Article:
The rising price of industrial and agricultural commodity futures is straining the ability of many firms to maintain their margins without raising prices. A price increase will always be the last resort, particularly when consumer spending remains depressed and lines of credit are drying up for many buyers. Yet retailers and manufacturers have to find some way to cope with the rising costs of cotton, silver, aluminum, wheat, corn and rare earth metals.
Nate Herman, the vice president for international trade at the American Apparel and Footwear Association, recently told Bloomberg/Businessweek that "there's just not any room left to take it in margin." The apparel trade has been hit particularly hard – cotton futures have surged over 50 percent this year, setting new nominal price records. In addition, a general increase in the pace of inflation in China has pushed up labor costs – and so, despite weak demand, garment companies will be forced to boost prices.
That brings clothing back into line, to some degree, with the prices of other retail goods; from 1998 to 2008, writes the magazine, overall prices increased 28 percent, but clothing prices dropped 10 percent. New technology and new manufacturing markets helped slim down margins and let clothing companies cut costs.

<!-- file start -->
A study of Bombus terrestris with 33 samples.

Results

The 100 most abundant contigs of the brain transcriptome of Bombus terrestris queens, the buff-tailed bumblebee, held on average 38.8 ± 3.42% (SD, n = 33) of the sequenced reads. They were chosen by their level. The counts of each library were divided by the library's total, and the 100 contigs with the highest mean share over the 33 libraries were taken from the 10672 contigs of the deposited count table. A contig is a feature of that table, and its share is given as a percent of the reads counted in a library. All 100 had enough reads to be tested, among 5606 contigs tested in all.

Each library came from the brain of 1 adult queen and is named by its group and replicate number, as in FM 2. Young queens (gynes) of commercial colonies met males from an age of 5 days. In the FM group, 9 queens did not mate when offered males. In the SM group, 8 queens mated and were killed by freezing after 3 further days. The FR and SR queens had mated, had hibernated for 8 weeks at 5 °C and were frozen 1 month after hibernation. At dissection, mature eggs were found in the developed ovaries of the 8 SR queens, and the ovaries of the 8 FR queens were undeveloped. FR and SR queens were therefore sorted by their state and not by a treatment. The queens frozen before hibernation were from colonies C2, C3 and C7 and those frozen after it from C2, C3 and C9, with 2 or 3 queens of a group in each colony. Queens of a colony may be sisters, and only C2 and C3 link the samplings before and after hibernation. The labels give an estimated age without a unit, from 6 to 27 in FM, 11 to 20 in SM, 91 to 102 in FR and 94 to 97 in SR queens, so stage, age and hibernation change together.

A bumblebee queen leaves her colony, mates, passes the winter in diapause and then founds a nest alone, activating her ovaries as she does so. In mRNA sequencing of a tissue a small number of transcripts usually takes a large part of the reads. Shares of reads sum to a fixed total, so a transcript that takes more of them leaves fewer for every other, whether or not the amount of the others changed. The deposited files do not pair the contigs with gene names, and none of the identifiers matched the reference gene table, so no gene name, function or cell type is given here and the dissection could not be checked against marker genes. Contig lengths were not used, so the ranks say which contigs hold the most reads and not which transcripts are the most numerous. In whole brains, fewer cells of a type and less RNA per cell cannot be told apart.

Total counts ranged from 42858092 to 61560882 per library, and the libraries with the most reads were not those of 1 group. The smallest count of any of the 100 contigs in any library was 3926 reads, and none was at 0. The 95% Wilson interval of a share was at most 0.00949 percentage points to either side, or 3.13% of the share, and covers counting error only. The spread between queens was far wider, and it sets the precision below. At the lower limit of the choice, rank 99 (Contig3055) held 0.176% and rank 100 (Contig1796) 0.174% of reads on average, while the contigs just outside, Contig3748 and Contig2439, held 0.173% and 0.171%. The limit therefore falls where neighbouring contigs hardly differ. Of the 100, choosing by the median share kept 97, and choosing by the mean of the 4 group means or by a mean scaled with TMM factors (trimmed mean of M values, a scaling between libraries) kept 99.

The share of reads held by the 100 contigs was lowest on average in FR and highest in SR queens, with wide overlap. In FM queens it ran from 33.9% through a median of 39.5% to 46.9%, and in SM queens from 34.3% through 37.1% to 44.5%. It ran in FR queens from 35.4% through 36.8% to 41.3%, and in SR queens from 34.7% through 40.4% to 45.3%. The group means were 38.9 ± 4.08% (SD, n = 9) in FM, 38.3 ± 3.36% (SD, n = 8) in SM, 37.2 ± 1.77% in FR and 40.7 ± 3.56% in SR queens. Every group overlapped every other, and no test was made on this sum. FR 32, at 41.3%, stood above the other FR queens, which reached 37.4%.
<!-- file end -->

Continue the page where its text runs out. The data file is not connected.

Food is another area that's in the process of undergoing a transformation. In 2007 and 2008, the rising price of oil, rising demand from emerging markets and the conversion of food crops into fuel like ethanol boosted the prices of staples like rice, wheat and corn. When the global economy cratered late in 2008, that trend reversed somewhat, in large part because the price of oil plummeted and overall demand sank.
Oil is back on the way up, with serious analysts calling for crude oil futures above $100 per barrel, while others project that energy prices could rise even higher if peak oil sets in.
China, with its state-controlled economy, is moving to contain these price increases as much as possible – paradoxically, it's in the best interest of the Chinese government for American consumers to continue paying low prices for goods like flat-screen TVs and Nike sneakers. Inflation in China is officially just shy of 4 percent, and many suspect those numbers have been massaged.
In higher-margin industries like technology, new concerns come into play – and once again, China appears to be in the thick of it. For instance, most of the world's rare-earth metals are mined in China, due to lower labor costs and unbelievably lax environmental standards. China imposes steep import quotas on the market – and when it wants to, it can cut off the supply completely, as it did to Japan during the summer.
These minerals – things like neodymium, which is used to make magnets – are key to the functioning of most modern computers. And while the rising prices create incentives to develop new sources, in the meantime, they can result in more expensive goods – which translates into lower consumption.